Internally displaced persons

The FDFA contributes to strengthening the political will and capacity of the governments concerned to ensure both that the rights of internally displaced persons are respected and that sustainable solutions are put in place.

Internally displaced persons (IDPs) have had to abandon everything they own because of military conflicts or natural disasters and often face humanitarian emergencies. They lack food, sanitation facilities, medical care and adequate accommodation.  They are often located in areas to which humanitarian actors have limited access.

Unlike refugees, internally displaced persons have not crossed an international border and therefore enjoy neither special legal status nor specific protection measures. The responsibility for ensuring that the human rights of internally displaced persons are protected and respected falls primarily to the states concerned. Not all governments of states in which people have been internally displaced are willing or able to protect internally displaced persons and to afford them their rights.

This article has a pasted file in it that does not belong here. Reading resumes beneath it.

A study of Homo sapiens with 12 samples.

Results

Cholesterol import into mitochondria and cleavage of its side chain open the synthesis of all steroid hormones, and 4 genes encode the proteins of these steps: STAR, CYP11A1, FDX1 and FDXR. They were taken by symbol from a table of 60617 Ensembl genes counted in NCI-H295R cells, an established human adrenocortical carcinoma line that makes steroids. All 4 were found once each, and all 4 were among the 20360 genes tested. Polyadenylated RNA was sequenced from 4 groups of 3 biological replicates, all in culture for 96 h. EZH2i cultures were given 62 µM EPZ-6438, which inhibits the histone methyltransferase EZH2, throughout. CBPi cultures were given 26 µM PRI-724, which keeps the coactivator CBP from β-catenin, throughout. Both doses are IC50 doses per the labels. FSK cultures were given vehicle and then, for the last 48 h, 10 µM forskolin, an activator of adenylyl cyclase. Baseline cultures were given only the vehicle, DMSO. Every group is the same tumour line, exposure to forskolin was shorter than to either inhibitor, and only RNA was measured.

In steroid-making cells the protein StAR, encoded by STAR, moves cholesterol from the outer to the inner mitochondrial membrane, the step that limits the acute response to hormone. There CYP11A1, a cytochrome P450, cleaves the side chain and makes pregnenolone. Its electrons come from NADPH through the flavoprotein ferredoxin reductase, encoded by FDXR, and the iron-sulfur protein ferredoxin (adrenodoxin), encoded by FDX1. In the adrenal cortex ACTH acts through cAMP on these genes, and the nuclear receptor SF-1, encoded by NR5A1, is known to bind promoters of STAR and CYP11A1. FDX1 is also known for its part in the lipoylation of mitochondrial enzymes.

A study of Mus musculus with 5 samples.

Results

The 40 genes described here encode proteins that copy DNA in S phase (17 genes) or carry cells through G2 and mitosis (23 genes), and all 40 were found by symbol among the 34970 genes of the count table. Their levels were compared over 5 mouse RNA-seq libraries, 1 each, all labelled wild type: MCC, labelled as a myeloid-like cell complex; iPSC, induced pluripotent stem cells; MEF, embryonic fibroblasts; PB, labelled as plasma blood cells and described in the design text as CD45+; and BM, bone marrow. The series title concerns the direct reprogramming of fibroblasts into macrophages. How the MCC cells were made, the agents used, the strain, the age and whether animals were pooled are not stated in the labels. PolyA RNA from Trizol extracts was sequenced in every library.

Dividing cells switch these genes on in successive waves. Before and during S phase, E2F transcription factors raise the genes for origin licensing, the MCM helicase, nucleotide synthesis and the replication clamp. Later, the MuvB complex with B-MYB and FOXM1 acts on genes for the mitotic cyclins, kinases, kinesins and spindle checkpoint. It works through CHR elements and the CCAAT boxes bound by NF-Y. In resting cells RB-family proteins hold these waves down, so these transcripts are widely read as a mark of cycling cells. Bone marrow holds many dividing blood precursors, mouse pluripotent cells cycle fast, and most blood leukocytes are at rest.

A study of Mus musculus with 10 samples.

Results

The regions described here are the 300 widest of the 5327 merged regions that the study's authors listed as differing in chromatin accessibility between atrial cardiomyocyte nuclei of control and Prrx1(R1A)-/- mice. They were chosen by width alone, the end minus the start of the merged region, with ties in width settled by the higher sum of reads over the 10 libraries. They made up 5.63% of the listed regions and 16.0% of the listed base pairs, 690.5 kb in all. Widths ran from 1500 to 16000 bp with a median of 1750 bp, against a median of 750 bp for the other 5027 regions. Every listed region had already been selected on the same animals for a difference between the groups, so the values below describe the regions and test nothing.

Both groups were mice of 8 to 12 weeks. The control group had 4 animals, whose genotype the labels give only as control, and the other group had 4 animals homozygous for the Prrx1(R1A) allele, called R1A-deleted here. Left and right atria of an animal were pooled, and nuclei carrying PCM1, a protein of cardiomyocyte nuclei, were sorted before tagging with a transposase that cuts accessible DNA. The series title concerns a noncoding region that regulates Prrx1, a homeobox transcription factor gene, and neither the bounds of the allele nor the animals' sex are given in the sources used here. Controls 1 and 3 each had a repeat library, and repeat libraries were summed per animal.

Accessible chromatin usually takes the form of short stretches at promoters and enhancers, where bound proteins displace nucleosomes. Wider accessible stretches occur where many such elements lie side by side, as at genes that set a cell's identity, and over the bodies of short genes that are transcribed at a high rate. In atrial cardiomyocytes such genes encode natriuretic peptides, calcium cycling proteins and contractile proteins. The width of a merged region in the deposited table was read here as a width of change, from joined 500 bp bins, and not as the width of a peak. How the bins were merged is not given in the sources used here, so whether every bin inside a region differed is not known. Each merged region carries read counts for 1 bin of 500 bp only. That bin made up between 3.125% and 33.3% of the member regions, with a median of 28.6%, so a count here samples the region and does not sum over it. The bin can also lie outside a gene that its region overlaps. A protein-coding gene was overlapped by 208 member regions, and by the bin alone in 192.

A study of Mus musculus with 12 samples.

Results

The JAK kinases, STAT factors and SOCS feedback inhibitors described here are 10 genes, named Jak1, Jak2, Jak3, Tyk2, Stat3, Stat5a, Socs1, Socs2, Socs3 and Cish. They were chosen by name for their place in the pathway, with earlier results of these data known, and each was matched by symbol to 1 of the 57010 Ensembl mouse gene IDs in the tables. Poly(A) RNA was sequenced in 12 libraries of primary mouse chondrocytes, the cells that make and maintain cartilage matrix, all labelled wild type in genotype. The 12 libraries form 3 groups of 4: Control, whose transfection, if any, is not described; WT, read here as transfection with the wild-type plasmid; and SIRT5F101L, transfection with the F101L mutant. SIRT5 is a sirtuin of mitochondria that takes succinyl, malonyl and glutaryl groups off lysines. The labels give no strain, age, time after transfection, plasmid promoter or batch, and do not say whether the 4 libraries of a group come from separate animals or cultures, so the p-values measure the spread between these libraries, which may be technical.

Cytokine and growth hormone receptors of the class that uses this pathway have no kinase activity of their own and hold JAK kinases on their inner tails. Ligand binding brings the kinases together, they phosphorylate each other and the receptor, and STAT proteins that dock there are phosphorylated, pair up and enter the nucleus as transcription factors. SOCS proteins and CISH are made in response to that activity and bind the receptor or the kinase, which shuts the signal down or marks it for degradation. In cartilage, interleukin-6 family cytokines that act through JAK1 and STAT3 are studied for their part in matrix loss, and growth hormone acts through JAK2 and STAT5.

The UN Guiding Principles on Internal Displacement (1998) provide a normative framework for dealing with internally displaced persons, but are not legally binding. The only legally binding instrument is the Kampala Convention adopted by the African Union in 2009. This recognises rights and set outs guarantees for internally displaced persons on the continent of Africa. 

Switzerland is helping to ensure that internal displacement is included in the political agenda of international organisations and supports projects providing assistance for internally displaced persons in certain countries. Governments of states that have internally displaced persons on their territory are encouraged, and, if necessary provided with financial and personnel support, to implement the UN Guiding Principles on Internal Displacement in their national policy.